Bears O-line offensive
"We just came on the road, against a good football team on a streak, if you will ... and found a way to win," Coughlin said.
The Bears? A good football team? On a streak?
Thanks to the Giants, the Bears are now 5-7. That’s not the record of a good football team. It’s on the sad side of mediocre.
The Bears have not won two games in a row all season. They’ve alternated wins and losses for eight games over nine weeks now. That’s half a season without anything that hints of a streak.
Coughlin was right about one thing. The Giants found a way to win and, therefore, keep the New York media from going public with their snickers about his own suspect club this week.
Meanwhile, snickers in Chicago have permission to graduate to wholesale laughter at the obscene notion the Bears posed last week: that they were ready to run the table and make the playoffs. They weren’t then. They aren’t now. And they won’t be anytime this month.
The Bears’ loss officially ended their two-year reign atop the NFC North, a meager streak at best even if it did include a trip to the Super Bowl. Mathematics aside, their playoff chances are shot, too. May the erstwhile conference champs rest in peace, while the braintrust figures out how best to reconstruct the offensive line.
If you suspected the group charged with protecting Bears quarterbacks isn’t up to the task, stop suspecting. The Bears linemen Sunday were exposed like Hef’s Girls Next Door.
Rex Grossman actually is playing halfway decently in his second tour of duty at quarterback. But it’s difficult to make much positive happen when your linemen are trying to find their clothes and Giants are storming past them and into your face without so much as a handshake.
"You know how many sacks we have this year?" Giants defensive end Osi Umenyiora almost roared.
As of this writing, a league-leading 44.
"That’s just what we do," Umenyiora said. "We rush the quarterback."
And the Bears’ linemen allow that rush almost as well as any O-line in the NFL. They’re not as dangerous as the Detroit Lions, who seem determined to get their quarterbacks killed. But the Bears do rank among the top seven — or worst seven, if you prefer — in sacks yielded, with 38. That includes the six times Giants defenders officially plastered Grossman, but not the countless additional times they planted his buttocks in the grass a split-second after he got rid of the ball.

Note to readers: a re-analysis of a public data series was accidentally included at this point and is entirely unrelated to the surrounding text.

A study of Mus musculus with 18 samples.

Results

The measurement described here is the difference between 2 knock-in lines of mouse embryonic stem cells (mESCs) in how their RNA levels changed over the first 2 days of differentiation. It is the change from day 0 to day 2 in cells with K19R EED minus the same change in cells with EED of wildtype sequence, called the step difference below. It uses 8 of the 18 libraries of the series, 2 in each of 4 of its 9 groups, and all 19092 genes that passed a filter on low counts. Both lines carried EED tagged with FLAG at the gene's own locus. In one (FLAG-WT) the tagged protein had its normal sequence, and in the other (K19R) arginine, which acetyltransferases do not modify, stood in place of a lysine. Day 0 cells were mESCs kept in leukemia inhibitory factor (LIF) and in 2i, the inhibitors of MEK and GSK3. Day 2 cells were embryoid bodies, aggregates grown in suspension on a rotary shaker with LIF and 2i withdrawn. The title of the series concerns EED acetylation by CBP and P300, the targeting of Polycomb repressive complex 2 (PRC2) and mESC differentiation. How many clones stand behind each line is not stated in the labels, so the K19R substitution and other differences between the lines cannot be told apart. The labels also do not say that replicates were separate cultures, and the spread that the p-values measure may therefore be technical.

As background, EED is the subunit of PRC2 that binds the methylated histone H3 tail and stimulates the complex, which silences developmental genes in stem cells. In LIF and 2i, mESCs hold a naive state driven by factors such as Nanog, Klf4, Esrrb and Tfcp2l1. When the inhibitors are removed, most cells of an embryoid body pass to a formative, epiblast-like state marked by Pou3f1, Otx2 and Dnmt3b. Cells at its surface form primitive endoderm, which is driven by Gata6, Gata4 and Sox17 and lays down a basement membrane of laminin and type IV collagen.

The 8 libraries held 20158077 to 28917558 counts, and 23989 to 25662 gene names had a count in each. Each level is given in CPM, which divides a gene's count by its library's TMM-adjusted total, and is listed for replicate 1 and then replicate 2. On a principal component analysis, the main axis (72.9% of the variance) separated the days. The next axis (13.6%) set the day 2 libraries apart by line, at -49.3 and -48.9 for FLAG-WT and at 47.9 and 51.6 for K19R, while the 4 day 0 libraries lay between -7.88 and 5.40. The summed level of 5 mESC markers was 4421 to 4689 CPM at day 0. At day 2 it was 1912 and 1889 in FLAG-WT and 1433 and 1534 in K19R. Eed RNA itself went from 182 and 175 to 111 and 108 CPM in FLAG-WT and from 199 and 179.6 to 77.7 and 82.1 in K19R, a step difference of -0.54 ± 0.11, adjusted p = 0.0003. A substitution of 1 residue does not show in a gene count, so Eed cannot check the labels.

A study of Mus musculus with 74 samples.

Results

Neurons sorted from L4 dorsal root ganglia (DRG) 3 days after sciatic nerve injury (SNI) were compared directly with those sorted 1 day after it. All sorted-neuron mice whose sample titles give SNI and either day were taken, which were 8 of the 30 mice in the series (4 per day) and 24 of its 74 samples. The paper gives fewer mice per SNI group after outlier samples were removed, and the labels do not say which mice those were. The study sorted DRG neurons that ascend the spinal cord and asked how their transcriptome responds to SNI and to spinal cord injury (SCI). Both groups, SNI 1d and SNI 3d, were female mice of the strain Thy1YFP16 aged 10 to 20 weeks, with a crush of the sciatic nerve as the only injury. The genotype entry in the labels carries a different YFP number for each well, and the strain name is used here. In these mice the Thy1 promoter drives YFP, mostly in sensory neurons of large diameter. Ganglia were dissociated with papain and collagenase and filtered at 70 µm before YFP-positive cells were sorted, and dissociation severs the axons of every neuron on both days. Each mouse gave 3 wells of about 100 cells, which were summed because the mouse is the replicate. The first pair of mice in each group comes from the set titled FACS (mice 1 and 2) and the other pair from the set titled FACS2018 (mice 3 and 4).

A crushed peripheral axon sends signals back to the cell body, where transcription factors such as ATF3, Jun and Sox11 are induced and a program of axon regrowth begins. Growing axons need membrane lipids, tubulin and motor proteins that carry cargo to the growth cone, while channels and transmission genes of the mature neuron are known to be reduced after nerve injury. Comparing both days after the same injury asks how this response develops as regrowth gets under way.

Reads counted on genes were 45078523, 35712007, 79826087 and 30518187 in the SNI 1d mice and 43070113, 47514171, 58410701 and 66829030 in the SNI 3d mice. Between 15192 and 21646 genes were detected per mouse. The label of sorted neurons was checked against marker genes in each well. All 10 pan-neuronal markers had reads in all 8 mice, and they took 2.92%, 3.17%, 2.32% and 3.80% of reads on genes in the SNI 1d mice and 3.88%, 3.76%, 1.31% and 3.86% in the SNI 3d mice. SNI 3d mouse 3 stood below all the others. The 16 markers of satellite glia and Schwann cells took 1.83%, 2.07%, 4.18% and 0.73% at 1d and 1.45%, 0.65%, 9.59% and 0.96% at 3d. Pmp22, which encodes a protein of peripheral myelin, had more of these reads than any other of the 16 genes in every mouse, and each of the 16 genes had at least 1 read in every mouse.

Poor Rex. After opening the game with a thrilling, no-huddle, nine-play, 79-yard touchdown drive that included 5-of-5 passing for 65 yards, he spent much of the rest of the day wondering from where his next pounding would come.
"We wanted to put pressure on Grossman and make him move his feet," Giants cornerback Sam Madison said.
He moved them, all right. Every which way but forward.
Madison delivered the first sack, early in the second quarter. On third-down-and-11, Grossman dropped back to pass, saw Madison streaking at him and tucked the ball and ran. Backwards, right toward his own goal line. Madison jumped on top of Grossman and rode him down in the end zone for an apparent safety.
Mercifully, the officials ruled Grossman’s forward progress — of which there had been none — was stopped at the 1. The Bears punted, and the resulting field position aided the Giants’ first touchdown.
Grossman did stand in and make some plays. He also took his licks.
Defensive end Michael Strahan sacked him for 11 yards on third-and-goal; that led the Bears to settle for their first field goal. Umenyiora sacked Grossman for 14 yards on third-and-10 at the Giants’ 14; that led the Bears to settle for their second field goal. End Justin Tuck and linebacker Kawika Mitchell sacked him for 9 yards on third down late in the fourth quarter to set up the Giants’ winning TD drive.
"We put a lot of pressure on up front with our big guys, and somebody has to double-team them," Giants cornerback R.W. McQuarters said. "That means somebody else is getting blocked one-on-one or somebody else is free."
Free to commit slaughter.
The Bears right now can’t stop it. But they had better fix it.
KIRK WESSLER is Journal Star executive sports editor/columnist. Write to him at 1 News Plaza, Peoria, IL 61643, call (309) 686-3216 or e-mail to email@example.com.